Bad Days Are OK


There are mornings when I wake up to see the sun streaming peacefully into my bedroom through my blinds, a perfectly acceptable time on my alarm clock, and a shelf full of books that are waiting to be read, and the first thing I say to myself is: I am not doing a goddamned thing today.

Sometimes, these mornings are the result of a bad week. Working in customer service tends to come with a fair share of those, am I right? You don’t have to tell me. There are weeks when no customer is ever satisfied, and no matter how much you smile and genuinely try to solve their problem, they have already decided that you are the human equivalent of all their problems. After a week like that, all I want to do on my day off is lock myself in my room and remind myself that I matter.




Often, they come about right before a big event. I’m naturally an introvert, which means that if I don’t meet my weekly quota of alone time, I start doing things like spontaneously crying in front of strangers. And no one wants that. Thus, if I have plans to do something that involves being in large crowds of people, I’ll use the day before for self-care. This usually includes painting my nails, doing a face mask, or watching something that will make me sob like the single friend at your wedding.

What? Crying is healthy.

And then, there are times when these mornings aren’t the result of anything at all. These are the hardest to deal with. Without a cause, there’s no simple solution to the problem. This leads to staying in bed for way too long, spending hours scrolling through Tumblr, and canceling plans with friends as well as my to-do list. Outside, morning becomes afternoon, then becomes evening. Before I know it, it’s 2 a.m. and I haven’t gotten a single thing done.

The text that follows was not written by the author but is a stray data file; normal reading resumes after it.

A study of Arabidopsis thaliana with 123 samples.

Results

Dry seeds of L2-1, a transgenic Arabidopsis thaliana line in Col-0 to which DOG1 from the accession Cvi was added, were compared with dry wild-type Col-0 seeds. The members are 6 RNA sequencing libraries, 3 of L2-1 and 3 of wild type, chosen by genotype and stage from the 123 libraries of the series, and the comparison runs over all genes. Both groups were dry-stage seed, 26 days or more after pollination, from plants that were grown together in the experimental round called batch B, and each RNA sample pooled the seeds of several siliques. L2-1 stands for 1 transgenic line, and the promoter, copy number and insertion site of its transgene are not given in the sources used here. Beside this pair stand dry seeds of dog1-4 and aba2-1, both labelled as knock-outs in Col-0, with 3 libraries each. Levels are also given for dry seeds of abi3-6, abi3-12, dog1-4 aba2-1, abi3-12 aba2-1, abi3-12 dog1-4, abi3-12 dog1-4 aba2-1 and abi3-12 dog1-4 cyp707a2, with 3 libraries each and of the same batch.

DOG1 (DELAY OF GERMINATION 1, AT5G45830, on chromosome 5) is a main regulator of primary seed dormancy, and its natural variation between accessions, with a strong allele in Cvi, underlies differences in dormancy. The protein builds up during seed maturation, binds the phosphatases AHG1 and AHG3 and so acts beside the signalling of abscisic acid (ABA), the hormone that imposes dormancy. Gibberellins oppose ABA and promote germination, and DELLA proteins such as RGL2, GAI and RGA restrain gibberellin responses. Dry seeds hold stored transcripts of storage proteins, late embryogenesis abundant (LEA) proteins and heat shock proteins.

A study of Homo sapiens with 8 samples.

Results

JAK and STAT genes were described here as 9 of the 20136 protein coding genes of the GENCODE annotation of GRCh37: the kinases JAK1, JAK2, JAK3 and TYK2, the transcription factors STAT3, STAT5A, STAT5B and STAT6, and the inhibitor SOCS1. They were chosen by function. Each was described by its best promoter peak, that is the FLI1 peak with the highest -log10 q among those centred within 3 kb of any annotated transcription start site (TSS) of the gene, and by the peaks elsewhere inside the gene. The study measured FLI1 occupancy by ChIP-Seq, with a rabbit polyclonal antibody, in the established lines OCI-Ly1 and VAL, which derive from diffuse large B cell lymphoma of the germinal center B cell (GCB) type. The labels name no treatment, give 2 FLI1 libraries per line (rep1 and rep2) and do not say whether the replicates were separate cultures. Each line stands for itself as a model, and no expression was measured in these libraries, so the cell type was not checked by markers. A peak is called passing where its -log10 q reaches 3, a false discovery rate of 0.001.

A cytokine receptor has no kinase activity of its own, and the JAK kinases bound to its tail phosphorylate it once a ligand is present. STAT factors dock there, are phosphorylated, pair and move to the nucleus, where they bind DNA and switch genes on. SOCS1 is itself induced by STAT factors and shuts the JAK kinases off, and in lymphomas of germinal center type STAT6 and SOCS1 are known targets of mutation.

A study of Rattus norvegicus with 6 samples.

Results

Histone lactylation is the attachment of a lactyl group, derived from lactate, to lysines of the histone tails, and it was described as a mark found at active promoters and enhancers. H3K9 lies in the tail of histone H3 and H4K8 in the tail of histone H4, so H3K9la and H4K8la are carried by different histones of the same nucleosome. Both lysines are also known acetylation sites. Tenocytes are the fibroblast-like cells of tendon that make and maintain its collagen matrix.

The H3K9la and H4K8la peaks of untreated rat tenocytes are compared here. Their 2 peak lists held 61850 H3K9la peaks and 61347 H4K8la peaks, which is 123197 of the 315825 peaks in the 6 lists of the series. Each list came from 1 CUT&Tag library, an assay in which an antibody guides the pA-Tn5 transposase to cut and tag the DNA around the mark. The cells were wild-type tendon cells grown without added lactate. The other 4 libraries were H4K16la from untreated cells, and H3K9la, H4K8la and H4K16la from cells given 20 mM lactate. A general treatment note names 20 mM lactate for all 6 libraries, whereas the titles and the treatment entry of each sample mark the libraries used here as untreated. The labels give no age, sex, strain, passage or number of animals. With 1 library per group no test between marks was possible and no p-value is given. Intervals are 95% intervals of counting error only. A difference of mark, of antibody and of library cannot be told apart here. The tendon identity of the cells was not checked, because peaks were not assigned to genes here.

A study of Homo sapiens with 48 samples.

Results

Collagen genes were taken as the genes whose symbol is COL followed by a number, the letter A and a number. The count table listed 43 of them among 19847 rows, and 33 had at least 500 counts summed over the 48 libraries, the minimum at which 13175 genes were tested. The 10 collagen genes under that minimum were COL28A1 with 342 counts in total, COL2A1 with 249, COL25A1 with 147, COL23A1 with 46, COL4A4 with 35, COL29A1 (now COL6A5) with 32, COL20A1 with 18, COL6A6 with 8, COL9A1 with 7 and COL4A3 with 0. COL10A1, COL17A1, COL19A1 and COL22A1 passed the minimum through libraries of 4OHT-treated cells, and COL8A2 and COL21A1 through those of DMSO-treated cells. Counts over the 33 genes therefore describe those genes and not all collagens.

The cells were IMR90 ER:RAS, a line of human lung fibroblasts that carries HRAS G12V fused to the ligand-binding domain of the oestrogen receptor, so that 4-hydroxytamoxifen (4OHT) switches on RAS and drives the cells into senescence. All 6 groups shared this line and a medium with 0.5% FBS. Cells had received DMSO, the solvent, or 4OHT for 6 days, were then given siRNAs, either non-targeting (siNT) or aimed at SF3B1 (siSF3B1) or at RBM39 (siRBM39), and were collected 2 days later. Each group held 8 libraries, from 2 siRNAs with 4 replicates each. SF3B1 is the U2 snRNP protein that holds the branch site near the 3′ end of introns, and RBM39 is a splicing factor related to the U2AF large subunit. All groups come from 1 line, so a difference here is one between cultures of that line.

Then, inevitably, the guilt sets in.

I get frustrated with myself for shirking my responsibilities and letting this baseless negativity rob me of an entire day. I start to argue with myself. You don’t even have a reason to be upset. You don’t deserve to be moping right now. I go to bed in a bad mood and wake up to start the same cycle all over again, likely feeling even worse than I did before.

The thing is, we can’t always control our emotions, and really, we shouldn’t try to. I think the only thing you can ever do with feelings is to let yourself feel them, because if you don’t, they just sit around in your head. And trust me, they won’t stay dormant. They’ll grow roots and buds and vines, and the longer you ignore them, the thicker they’ll get.

It’s easier to pluck out weeds than to chop down a tree.

So, the next time you wake up feeling like today just isn’t your day, remember that you don’t have to explain yourself. Just start your favorite movie, have some food delivered, and ride it out. We’ve all been there.